BROKER MIGRATION AND NONCOMPETES: CHAPTER II
Yesterday we talked about broker migration and the application of the Protocol for Broker Recruiting. Today, I will address how the courts have looked at this issue when faced with litigation between an ex-employer/brokerage company and the ex-employee/broker.
Litigation associated with broker migration usually arises in one of two situations:
(1) A signatory firm sues a former employee who joined another signatory firm.
(2) A signatory firm sues a former employee who joined a non-signatory firm.
A court’s application of the Protocol in the first category should be anticipated because that situation falls within the Protocol’s scope. In these cases, if the broker followed the Protocol, there should be no liability.
In the second situation, one would anticipate the Protocol would be irrelevant since both firm are not parties to the agreement. However, some courts have relied on the Protocol in cases where only the complaining firm is a signatory. For example, in Merrill Lynch, Pierce, Fenner & Smith, Inc. v. Brennan(Ohio Feb. 23, 2007) , three former employees of Merrill Lynch resigned from that firm to join Bear Stearns & Co. Merrill Lynch is a signatory to the Protocol. Bear Stearns is not. Merrill Lynch sued the former employees, claiming that they breached various employment agreements by taking client contact information with them to Bear Stearns and then soliciting the clients they serviced while at Merrill Lynch.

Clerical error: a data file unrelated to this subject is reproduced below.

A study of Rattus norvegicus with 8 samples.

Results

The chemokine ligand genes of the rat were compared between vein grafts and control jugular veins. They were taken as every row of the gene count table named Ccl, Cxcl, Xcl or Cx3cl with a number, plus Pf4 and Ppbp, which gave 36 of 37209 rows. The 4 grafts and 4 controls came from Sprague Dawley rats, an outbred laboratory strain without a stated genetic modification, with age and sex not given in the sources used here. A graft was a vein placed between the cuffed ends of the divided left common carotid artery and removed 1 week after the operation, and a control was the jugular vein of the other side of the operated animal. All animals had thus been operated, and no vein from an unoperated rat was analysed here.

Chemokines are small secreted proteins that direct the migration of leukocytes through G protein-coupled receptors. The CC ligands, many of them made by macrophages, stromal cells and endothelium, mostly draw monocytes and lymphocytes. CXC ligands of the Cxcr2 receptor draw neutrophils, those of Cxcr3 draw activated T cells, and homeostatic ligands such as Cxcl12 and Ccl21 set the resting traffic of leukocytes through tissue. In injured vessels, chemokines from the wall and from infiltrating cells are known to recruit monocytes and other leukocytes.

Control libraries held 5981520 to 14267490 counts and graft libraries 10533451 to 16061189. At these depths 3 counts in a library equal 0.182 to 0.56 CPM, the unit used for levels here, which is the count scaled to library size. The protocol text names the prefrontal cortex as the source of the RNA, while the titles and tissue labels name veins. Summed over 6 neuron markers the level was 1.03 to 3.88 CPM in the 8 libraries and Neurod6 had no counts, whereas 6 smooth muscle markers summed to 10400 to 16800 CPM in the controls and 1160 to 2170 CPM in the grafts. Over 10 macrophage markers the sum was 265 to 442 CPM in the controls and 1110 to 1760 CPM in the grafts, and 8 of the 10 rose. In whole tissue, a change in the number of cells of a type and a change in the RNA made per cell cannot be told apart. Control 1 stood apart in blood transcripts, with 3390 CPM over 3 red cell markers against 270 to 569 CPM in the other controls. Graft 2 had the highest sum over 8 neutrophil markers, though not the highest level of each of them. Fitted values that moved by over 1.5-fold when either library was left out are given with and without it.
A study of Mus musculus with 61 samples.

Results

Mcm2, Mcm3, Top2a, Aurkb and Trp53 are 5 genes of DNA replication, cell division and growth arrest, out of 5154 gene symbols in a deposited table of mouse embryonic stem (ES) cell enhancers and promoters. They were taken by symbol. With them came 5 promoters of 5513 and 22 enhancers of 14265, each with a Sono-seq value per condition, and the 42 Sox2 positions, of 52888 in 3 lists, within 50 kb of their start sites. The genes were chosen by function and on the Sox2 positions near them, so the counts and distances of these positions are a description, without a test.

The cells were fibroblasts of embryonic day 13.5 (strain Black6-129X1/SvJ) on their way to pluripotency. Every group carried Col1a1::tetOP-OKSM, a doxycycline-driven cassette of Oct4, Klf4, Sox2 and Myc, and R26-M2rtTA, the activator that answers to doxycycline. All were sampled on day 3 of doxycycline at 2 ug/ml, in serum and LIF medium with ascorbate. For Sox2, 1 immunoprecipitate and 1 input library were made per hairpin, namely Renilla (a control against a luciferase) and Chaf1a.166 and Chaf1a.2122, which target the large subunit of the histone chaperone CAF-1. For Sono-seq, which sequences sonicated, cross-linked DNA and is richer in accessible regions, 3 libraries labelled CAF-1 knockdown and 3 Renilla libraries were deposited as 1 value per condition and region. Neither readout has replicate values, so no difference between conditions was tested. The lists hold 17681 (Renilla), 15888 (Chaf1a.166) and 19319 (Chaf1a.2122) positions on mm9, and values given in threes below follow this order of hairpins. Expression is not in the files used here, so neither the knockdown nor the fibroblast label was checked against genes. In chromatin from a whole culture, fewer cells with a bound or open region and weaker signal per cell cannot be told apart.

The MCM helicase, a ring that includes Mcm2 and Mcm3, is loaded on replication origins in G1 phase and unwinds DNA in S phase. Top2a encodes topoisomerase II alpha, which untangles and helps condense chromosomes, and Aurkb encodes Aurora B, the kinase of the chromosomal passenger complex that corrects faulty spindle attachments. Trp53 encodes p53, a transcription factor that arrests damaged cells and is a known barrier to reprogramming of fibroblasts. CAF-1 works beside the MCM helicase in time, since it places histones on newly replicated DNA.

The U.S. District Court for the District of Ohio ruled against Merrill Lynch. While the Court acknowledged that it previously found arguments of irreparable harm persuasive, the emergence of the Protocol in the securities industry convinced the court that “such arguments no longer merit such weight.” The court did not consider it important that Bear Stearns had not signed the Protocol, but it did find it significant that Merrill Lynch had signed the Protocol. The Court held that by doing so, Merrill Lynch had effectively conceded that the transfer of client lists to a new firm, whether or not that new firm had signed the Protocol, did not give rise to irreparable harm.
My take: Courts will be faced with increasing litigation between departing brokers and their previous employers…and I’m pulling for the brokers every step of the way!